Google Analytics Overview
Catherine Blum writes an overview on Google Analytics and emphasizes how useful and important this tool is in the marketing industry. Google Analytics makes it easier to measure results and returns on investments.
If you’re an online marketing company or someone aspiring to be an online marketing manager then you should be familiar with Google Analytics. Known as an essential tool in the industry, everyone or every company trying to succeed in the competitive market of online marketing should know its ins and outs.
Google Analytics is responsible for providing statistics for websites, videos, apps, Facebook pages and more. And once you set up your Google Analytics account you can configure it to analyse more than one website at the same time. So if you’re an organisation with 10 websites you don’t have to set up 10 different accounts to track each one of them.
This post will introduce the main aspects of Google Analytics so you know what you’ll be dealing with (or at least so you’ll know what you’re missing out on). When you login to Google Analytics you’ll notice a left sidebar that looks like the image on the left. This gives you a brief idea of how many features Google Analytics has. In the dashboard there’s an overview of your website statistics. First thing you should know is that the dashboard displays information of the last 30 days but in case you want to analyse other periods you can easily change the settings by clicking on the date displayed on the top right of the dashboard. You can also compare periods thus it’s easier to see your website progress. In the standard dashboard it’s possible to check the number of new visits and unique visitors, location of visitor, which browser they’re using, the bounce-rate (when people exit the website through the landing page without actually interacting with any other page), how long visitors are spending in your website (average visit duration), the revenue (if you have an e-commerce) and you goal completions, but you can customise the dashboard and set it to show only the information that are more important to you. In fact that’s one of the great things about Google Analytics: it’s customisable. Besides the dashboard you can also customise your reports so you’ll have easy access to your essential data. In addition, Google Analytics allows users to export data to several different formats, including excel and PDF, as well as e-mail it straight from the dashboard.
As the name suggests, Shortcuts permit users to create shortcuts that keep saved settings of a report they need to access frequently, whilst Intelligent Events shows alerts when a specific metric performs differently from what was expected. And Intelligent Events is another customisable feature in Google Analytics. There are two types of alerts: the ones that Google Analytics identify unusual activity in a metric or a custom alert in which the user defines when to be warned when a specific metric behaves unexpectedly.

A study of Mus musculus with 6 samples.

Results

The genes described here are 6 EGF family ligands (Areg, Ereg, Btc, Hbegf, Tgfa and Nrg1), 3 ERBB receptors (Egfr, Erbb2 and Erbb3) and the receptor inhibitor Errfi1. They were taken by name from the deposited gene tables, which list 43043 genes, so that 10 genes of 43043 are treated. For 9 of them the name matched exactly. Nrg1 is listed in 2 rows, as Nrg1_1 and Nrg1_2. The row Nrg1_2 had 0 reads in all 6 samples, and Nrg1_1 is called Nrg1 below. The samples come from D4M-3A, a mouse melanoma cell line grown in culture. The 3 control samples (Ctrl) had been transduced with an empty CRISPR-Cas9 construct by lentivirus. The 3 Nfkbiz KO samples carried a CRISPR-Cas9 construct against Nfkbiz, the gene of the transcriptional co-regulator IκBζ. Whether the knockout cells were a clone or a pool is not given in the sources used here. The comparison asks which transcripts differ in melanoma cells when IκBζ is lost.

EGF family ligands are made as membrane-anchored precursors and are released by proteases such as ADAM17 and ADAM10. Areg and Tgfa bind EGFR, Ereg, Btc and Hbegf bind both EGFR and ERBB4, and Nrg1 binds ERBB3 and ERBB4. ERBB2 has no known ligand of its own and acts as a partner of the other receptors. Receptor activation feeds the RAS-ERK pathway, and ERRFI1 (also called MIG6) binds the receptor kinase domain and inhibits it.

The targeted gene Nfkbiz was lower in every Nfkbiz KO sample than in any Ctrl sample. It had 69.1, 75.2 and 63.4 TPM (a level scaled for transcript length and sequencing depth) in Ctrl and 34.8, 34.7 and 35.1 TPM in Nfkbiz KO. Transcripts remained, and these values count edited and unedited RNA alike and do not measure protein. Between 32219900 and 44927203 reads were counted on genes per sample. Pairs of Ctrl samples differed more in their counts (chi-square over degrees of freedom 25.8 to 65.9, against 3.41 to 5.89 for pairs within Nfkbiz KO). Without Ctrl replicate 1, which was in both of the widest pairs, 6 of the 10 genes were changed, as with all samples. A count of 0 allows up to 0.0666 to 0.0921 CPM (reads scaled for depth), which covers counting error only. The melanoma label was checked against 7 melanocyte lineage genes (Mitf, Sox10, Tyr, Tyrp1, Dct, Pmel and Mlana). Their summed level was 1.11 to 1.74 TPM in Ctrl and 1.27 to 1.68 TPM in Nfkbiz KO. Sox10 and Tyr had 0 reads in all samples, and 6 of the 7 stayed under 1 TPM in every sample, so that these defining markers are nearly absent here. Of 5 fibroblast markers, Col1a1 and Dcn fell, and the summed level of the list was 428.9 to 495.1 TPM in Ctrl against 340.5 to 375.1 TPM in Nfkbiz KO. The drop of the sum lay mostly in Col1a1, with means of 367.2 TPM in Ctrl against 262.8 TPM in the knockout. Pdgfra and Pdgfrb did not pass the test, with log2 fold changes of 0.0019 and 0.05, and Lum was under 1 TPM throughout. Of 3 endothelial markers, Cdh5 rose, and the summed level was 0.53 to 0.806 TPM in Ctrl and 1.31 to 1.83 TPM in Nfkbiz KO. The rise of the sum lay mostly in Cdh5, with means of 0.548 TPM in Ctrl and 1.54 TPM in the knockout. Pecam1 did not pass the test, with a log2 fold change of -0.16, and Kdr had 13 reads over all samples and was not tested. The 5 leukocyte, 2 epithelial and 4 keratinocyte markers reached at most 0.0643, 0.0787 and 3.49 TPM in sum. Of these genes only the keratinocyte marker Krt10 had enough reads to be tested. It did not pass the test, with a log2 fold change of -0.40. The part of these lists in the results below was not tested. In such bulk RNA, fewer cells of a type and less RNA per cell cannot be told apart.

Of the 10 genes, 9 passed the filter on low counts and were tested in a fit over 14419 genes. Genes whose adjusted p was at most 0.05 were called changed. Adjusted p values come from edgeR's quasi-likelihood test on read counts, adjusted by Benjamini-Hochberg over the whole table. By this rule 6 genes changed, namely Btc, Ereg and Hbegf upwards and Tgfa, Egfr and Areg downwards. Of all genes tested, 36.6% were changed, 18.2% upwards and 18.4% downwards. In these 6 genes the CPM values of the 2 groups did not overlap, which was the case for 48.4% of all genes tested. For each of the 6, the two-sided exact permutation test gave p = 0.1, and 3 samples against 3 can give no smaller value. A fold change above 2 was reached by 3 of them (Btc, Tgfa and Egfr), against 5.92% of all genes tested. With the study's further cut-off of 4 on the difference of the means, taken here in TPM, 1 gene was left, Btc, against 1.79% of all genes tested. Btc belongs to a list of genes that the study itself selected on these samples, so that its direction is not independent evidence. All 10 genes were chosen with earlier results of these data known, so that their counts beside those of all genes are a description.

Real-Time reports show updated information on how many users are on the website at that moment, where they’re from and what content they’re looking at. It’s a great feature for those working with social media as you can see public response right away.
Audience might be the most known and used feature of Google Analytics. Knowing your visitors can help you adjust your campaign to ensure maximum return. In Audience you get information on you visitors demographics (age and gender), interests, geolocation (language and location), behaviour (how many new/old visitors, how often they visit the website and how they interact with the pages), the technology (browsers) and mobile devices they’re using. It’s also possible to see the visitor’s flow in the website which means you can check their track, which pages they navigate on including landing pages and drop-offs.
The tab Acquisition is all about understanding the traffic your website is getting: where your visitors come from, if from a search or a referral website for example, how many pages they access per visit, how long are the visits, as well as the bounce rate. Within this tab you’ll find a Search Engine Optimisation (SEO) feature which is only available after you connect your website to the Webmaster Tools. In this feature you can find out what keywords your visitors are using to find you, which is a vital element for a successful SEO project.
Behaviour reports are about the website speed, the effectiveness of the search box in your website and more. In Conversions you can set up goals to monitor your website and pages progress as well as track your online store performance (if you have one of course).
This short overview doesn’t cover all the potential and benefits Google Analytics could bring to your business. There’s much more to be absorbed from this service and it can be done by accessing Google Analytics Academy in which you can do a course on the subject and learn how to use and understand all the features. For more information visit: https://analyticsacademy.withgoogle.com/course.